1976. No PCs or Macs. Not even a Sun workstation. NO Internet. No email. No fax machines. No handheld device more powerful than a simple HP calculator with a few math keys (for $300 in 1976 dollars; $19.99 today). No online bibliographic searching. No laser printers (dot matrix printers had just started to be available). It cost about $3/MINUTE to call from the East to California: everybody wrote letters. No C, no Starbucks, no handheld phones (most people did not even have the landline cordless phones). Color TV was not available in the majority of homes but Monday Night Football was (on B/W TVs).

I used to spend 12 hours a day in the Yale (later UCLA) computer center punching cards to access primitive versions of statistical programs (the now defunct BMDP and Datatext and the first version of SPSS). I was totally delighted in 1976 to get an IBM selectric (pineapple) typewriter for my office. Very few people had access to CRT terminals, so most used punch cards.

It cost $3000 a year to save as much data as my iPhone holds using the 1976 technology of hard disks (monsters about the size of my home heating units which can keep 25,000 cubic feet warm in the winter).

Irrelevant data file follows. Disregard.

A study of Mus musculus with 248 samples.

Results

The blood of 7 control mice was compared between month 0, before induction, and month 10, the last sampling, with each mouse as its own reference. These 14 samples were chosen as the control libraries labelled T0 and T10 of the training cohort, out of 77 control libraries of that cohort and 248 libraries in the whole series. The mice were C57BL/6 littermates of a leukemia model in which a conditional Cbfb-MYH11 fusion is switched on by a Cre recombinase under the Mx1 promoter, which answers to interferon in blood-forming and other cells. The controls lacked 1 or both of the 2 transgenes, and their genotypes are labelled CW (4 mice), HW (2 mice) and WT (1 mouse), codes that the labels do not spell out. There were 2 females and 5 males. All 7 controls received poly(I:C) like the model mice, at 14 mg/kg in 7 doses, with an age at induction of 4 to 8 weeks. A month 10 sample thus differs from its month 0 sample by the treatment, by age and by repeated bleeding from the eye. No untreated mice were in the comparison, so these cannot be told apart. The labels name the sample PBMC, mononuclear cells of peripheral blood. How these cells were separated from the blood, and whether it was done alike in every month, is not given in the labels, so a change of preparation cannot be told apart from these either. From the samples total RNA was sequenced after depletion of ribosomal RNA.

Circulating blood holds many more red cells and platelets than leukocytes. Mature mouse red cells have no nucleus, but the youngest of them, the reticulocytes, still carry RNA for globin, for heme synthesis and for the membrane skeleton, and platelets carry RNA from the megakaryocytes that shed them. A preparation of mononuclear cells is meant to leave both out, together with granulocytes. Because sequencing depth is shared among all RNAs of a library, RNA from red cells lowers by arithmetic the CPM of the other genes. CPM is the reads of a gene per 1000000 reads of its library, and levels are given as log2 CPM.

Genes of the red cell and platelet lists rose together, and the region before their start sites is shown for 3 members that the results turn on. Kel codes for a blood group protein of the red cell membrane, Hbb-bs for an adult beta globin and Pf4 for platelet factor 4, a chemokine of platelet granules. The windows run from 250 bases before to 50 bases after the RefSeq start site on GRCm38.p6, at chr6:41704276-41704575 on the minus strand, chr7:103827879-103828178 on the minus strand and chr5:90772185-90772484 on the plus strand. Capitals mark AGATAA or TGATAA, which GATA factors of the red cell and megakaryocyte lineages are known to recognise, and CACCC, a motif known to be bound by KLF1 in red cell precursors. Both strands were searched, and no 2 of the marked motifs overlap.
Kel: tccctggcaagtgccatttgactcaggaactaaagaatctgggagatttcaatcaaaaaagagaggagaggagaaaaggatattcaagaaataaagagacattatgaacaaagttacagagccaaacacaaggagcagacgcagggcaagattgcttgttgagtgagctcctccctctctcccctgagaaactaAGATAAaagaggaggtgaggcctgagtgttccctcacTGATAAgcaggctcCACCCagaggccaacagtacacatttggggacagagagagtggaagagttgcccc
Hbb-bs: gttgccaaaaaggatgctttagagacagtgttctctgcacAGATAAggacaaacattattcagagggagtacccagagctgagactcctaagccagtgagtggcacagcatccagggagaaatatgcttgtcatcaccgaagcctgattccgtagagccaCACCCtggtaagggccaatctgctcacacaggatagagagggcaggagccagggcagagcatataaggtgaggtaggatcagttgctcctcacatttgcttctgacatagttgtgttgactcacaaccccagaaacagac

Hard to believe we made it to the moon with less technology. Or supported medical centers, the IRS, and the Library of Congress with the technology of the mid 1970s.

Yup, it was hard to be a technology worker in the 70s and 80s. On the other hand, the bridges and roadways were in fine condition, there was a working rail system, schools were better and actually taught students to read, and people would pick up the phone when they wanted something and communicate with the other party in an interactive way. And your boss did not expect you to be working 2 extra hours every night for the company on your PC, smartphone, or tablet.